My Heirloom Tomato Caprese Pizza is here to solve all the problems with caprese that you didn’t even know you had. The thing about traditional caprese is that it requires you to work for it. At a minimum, you’re cutting little pieces of tomato and mozzarella, piling them onto your fork or a crostini, and hoping it all makes it into your mouth instead of the table. Please don’t get me wrong: I love caprese! It’s delicious, and beautiful, and easy to make – but it’s messy, and assembling the perfect bite with a little of each component takes effort. You know what solves all of those problems? Putting all of those ingredients on a PIZZA! And you know what makes it even more delicious and beautiful in the summer? Fresh heirloom tomatoes, a bright, garlicky basil pesto, and drizzle of sweet balsamic glaze. My pizza dough couldn’t be simpler to make, and I’ve tested this recipe for standard ovens, so no special equipment required. This pizza is summer in a pie!
Heirloom Tomato Caprese Pizza
For the Dough
- 1 ½ cups warm water
- 1 teaspoon sugar
- 1 ¼ ounce packet active dry yeast
- 5 cups 600 grams bread flour (I use King Arthur)
- 3 tablespoons extra virgin olive oil
- 1 teaspoon kosher salt
For the Sauce
- 1 28- ounce can whole peeled tomatoes
- 2 garlic cloves grated
- 2 tablespoons unsalted butter
- 1/2 teaspoon dried oregano
- 1/2 teaspoon salt
- 1/4 teaspoon red pepper flakes
For the Pesto
- 2 cups packed fresh basil leaves
- 1 garlic clove smashed
- ¼ cup grated parmesan cheese
- 2 tablespoons toasted pine nuts
- Juice of ½ lemon about 2 tablespoons
- 1/4 teaspoon salt
- ½ teaspoon pepper
- ½ cup extra virgin olive oil
For the Assembly
- Coarse cornmeal for dusting
- 1 8- ounce ball fresh mozzarella very thinly sliced
- 1 yellow heirloom tomato thinly sliced into half moons
- Kosher salt to taste
- Balsamic glaze for drizzling
For the Dough
- In the bowl of a stand mixer, add warm water, sugar, and yeast. Cover with a tea towel and let proof for 5 minutes. Yeast should foam and smell like bread; if it doesn’t, your yeast is dead, and you should start over with fresh yeast.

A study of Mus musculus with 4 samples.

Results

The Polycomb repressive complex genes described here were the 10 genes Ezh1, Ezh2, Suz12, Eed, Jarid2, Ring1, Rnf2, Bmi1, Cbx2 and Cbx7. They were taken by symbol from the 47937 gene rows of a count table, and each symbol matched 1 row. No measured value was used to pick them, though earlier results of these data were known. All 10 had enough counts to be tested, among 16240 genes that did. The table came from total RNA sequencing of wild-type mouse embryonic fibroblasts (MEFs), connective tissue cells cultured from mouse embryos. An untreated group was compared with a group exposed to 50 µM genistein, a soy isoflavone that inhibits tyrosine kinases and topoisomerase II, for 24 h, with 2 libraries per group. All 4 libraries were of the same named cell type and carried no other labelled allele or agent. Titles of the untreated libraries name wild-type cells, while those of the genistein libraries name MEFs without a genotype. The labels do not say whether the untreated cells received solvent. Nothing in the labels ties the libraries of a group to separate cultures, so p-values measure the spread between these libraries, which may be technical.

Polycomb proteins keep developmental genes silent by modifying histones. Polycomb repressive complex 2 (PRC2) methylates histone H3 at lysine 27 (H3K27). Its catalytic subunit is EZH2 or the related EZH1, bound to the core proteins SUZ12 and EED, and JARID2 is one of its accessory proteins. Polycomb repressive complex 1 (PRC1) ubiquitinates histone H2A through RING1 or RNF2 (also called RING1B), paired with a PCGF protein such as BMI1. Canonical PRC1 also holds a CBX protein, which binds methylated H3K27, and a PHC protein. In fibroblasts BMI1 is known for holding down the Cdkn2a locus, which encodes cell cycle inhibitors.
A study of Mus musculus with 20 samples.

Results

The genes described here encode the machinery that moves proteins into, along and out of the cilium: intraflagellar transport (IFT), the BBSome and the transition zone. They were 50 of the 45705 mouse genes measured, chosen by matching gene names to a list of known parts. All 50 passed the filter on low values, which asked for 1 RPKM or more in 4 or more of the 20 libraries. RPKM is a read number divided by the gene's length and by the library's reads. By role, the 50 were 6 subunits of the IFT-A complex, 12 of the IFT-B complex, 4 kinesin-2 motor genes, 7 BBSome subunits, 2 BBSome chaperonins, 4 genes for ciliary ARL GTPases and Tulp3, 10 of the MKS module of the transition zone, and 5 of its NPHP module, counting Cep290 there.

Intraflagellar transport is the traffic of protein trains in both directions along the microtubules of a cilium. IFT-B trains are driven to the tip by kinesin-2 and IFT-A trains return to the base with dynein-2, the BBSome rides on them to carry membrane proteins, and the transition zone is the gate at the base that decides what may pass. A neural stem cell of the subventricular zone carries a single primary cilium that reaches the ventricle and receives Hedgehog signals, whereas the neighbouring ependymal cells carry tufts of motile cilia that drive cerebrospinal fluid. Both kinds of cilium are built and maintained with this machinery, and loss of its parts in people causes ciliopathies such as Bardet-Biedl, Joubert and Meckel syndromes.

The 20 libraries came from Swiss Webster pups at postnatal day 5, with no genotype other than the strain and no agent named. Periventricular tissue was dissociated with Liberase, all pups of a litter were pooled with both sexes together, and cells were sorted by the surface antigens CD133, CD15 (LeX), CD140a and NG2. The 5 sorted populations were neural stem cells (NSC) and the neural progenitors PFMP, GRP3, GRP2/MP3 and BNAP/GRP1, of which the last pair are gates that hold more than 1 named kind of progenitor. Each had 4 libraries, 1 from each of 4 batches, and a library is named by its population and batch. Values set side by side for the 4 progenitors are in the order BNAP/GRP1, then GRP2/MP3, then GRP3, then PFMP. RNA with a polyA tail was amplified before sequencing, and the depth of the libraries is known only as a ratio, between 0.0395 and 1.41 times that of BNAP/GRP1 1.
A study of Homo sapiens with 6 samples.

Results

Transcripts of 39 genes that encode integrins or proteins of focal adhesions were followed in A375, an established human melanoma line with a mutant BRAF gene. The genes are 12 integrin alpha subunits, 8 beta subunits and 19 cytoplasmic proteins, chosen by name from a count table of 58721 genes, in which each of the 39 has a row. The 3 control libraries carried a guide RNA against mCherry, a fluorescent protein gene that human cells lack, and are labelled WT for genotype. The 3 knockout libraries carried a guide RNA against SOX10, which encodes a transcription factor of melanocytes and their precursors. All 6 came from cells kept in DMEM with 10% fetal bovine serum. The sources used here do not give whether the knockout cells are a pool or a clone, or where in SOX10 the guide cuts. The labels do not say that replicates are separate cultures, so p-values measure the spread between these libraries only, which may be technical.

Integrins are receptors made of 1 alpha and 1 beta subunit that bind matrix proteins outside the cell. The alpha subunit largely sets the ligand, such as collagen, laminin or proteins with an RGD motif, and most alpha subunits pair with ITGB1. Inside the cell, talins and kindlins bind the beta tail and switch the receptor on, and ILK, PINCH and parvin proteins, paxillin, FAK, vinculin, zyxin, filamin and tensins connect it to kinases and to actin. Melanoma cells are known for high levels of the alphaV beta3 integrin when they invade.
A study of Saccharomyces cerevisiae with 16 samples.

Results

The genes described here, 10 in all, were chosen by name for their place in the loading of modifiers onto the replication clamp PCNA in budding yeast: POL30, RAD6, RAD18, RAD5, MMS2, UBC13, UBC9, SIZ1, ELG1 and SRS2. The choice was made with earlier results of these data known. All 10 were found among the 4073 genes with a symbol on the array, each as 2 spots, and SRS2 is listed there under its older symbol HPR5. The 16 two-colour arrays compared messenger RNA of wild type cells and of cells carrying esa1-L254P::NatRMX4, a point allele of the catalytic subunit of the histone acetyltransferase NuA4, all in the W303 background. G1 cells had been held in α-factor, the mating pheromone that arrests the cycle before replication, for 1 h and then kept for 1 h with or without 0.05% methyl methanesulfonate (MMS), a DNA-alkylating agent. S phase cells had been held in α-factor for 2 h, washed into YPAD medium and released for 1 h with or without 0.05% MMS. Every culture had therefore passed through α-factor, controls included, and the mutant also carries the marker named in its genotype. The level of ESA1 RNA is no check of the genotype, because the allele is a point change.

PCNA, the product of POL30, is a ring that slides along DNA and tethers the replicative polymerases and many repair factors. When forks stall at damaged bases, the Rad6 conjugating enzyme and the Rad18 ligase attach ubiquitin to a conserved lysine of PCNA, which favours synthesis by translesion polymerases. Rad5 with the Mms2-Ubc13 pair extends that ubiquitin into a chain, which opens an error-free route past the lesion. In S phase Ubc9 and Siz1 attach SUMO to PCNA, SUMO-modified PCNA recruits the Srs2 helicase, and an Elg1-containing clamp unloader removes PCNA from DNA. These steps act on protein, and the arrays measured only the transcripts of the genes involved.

- Once proofed, add flour, drizzle oil over evenly, then sprinkle salt over evenly. Place bowl on stand mix with dough hook attachment, and mix on medium until dough forms a clean ball, about 1 minute. Continue kneading for 5 minutes; dough should pull away cleanly from sides and bottom of bowl, and be smooth and not sticky when poked with a clean finger.
- Transfer dough to a greased container and cover with a lid or plastic wrap. Place in a warm place until doubled in size, about 1 hour.
- Once doubled, punch down and divide into thirds. (I weigh the dough and then divide by 3 to get perfect thirds, but you can also eyeball it.) Place on a parchment-lined sheet pan and cover with greased plastic wrap. Set aside until puffed and some visible bubbles appear on the surfaces, 45 to 60 minutes.
- While dough rises, make sauce and pesto, and slice toppings.
For the Sauce
- Place can of tomatoes in a food processor and puree until fairly smooth, but not completely liquid (you want some texture from the tomatoes to remain). You can also use a hand blender to puree tomatoes directly in the can.
- Transfer pureed tomatoes to a large pot, along with remaining sauce ingredients, and bring to a simmer over medium heat. Reduce heat to medium-low, and cook until sauce has thickened and flavors are concentrated, 40 to 45 minutes, stirring occasionally.
- Transfer sauce to an airtight container and allow to cool slightly before covering and refrigerating until ready to assemble pizzas. Sauce can be made up to 3 days in advance.
For the Pesto
- Combine basil, garlic, parmesan, pine nuts, lemon juice, salt, and pepper in a blender or food processor, and blend on low to chop and combine all ingredients. Slowly stream olive oil in with machine on low until ingredients are homogenous and blend smoothly.
- Transfer pesto to an airtight container and refrigerate until ready to assemble pizzas. Pesto can be made up to 3 days in advance.
Assemble and Bake Pizzas
- Preheat oven to 500F, with a pizza stone or heavy duty sheet pan on bottom rack as it does. Allow stone to heat for at least 30 minutes once oven is preheated before assembling pizzas. Alternatively, heat your pizza oven according to manufacturer’s instructions.
- Once ready to bake, dust pizza peel liberally with cornmeal.
- Carefully stretch a ball of dough into a 12-inch circle, keeping a thicker rim of dough around the edge for the crust. My preferred method for this is to lift the dough in the air and drape it over the back of my cupped hands, shuffling hands under the dough constantly so that it rotates and gravity stretches the dough into an even circle as it moves.
- Place dough on peel, then add about ½ cup sauce and spread evenly, leaving a 1-inch border of crust sauceless. Add ⅓ of the cheese, tearing slices for more even coverage if needed, then add 4 or 5 slices of tomato. Season tomatoes with salt, then carefully and quickly transfer pizza from peel to pizza stone.
- Bake for 12 to 15 minutes, or until crust is puffed and golden, cheese begins to brown, and bottom is crisp.
- Remove from oven with peel and place on a racked sheet tray to cool for 5 to 10 minutes before transferring to a cutting board. While pizza is cooling, assemble and begin baking the next. Repeat with remaining dough until all pizzas are cooked.
- Once pizza has cooled, dollop with pesto and drizzle with balsamic glaze. Slice into eights and serve hot.